Why was Daniel St. Hubert turned loose on the streets of New York City?
He had a serious history of psychosis. He had a notorious taste for violence. But when he wrapped up his 5-year prison sentence little more than two weeks ago, he was free to walk the streets of Gotham so long as he met his parole officer regularly.
What St. Hubert needed was mental health care -- and in retrospect -- court-ordered involuntary confinement.
What he got was a major bureaucratic shrug, and today New Yorkers are paying the price. Here's what happened since his May 23 release:
On June 1, St. Hubert entered an East New York public housing complex and viciously stabbed two small children inside an elevator, according to police. P.J. Avitto, 6, was killed and his good friend Mikayla Capers, 7, was seriously injured.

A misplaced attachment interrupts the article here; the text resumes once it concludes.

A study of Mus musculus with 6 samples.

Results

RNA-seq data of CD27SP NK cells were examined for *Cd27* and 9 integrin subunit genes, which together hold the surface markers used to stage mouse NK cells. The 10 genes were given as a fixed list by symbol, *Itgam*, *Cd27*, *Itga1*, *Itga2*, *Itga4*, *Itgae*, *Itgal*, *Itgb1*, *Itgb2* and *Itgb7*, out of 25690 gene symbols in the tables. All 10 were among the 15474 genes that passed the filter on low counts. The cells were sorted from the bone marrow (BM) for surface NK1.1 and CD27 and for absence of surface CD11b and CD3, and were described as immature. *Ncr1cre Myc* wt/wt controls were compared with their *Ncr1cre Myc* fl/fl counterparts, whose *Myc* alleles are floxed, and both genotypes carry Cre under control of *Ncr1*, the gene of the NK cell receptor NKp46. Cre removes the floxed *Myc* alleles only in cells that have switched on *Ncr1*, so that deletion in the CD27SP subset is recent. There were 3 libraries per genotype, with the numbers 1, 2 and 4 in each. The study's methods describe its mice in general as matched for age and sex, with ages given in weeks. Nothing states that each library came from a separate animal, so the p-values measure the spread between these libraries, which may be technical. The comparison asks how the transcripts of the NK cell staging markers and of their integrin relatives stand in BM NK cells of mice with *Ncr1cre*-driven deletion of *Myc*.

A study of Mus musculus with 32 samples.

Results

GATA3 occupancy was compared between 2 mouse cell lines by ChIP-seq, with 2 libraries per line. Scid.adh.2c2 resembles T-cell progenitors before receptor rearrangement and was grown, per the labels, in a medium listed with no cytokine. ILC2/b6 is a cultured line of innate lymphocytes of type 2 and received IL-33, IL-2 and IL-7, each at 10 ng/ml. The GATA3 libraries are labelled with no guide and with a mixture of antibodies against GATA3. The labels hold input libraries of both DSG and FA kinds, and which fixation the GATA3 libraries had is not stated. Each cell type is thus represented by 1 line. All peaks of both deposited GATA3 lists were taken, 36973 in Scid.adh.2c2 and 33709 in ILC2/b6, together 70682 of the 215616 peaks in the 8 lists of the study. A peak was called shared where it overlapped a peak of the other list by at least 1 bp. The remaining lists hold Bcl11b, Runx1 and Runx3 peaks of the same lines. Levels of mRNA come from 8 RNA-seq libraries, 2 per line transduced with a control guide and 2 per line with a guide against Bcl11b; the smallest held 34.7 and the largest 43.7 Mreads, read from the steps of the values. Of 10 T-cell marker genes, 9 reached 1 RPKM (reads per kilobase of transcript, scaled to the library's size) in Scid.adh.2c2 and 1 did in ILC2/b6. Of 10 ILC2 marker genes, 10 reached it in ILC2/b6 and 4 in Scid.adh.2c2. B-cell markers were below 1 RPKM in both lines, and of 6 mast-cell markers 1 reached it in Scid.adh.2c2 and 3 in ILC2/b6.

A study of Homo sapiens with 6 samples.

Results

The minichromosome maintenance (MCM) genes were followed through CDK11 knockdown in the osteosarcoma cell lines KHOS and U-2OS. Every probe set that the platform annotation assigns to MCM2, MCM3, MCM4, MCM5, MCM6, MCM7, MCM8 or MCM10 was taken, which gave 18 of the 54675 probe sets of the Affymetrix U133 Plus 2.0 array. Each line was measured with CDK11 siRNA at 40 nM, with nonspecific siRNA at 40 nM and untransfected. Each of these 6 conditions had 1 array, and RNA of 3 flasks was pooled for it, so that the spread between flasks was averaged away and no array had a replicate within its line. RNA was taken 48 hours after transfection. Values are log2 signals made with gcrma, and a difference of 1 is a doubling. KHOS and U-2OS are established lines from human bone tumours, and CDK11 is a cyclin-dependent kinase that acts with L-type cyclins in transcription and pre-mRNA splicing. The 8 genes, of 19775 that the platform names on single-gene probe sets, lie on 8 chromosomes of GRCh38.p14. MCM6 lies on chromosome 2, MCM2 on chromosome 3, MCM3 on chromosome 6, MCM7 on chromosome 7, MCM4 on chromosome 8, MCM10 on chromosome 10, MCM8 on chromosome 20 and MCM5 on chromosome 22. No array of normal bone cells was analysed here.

On May 30, 18-year-old Tanaya Copeland was fatally stabbed while walking in Brooklyn. Five days ago, a 53-year-old man was stabbed while sleeping in a Chelsea subway station. The NYPD is looking at St. Hubert in connection with both of those cases.
These horrors were not unpredictable.
St. Hubert was in prison for trying to strangle his mom with an electrical cord. While imprisoned, he attacked a female correction officer.
He had been treated with mandatory therapy for years while behind bars. But by the time his sentence was finished, he had not been cited for violent behavior in more than a year, according to news reports.
So St. Hubert was permitted to leave prison with no mental health safety net.
Given his history of violence, officials could have pushed to have him confined involuntarily in a psychiatric facility. Or they could have sought a court order for outpatient treatment under Kendra's Law.
But they didn't. The state owes us a tough inquiry into what happened and why. St. Hubert was left untreated, and the public was left unprotected. Shameful.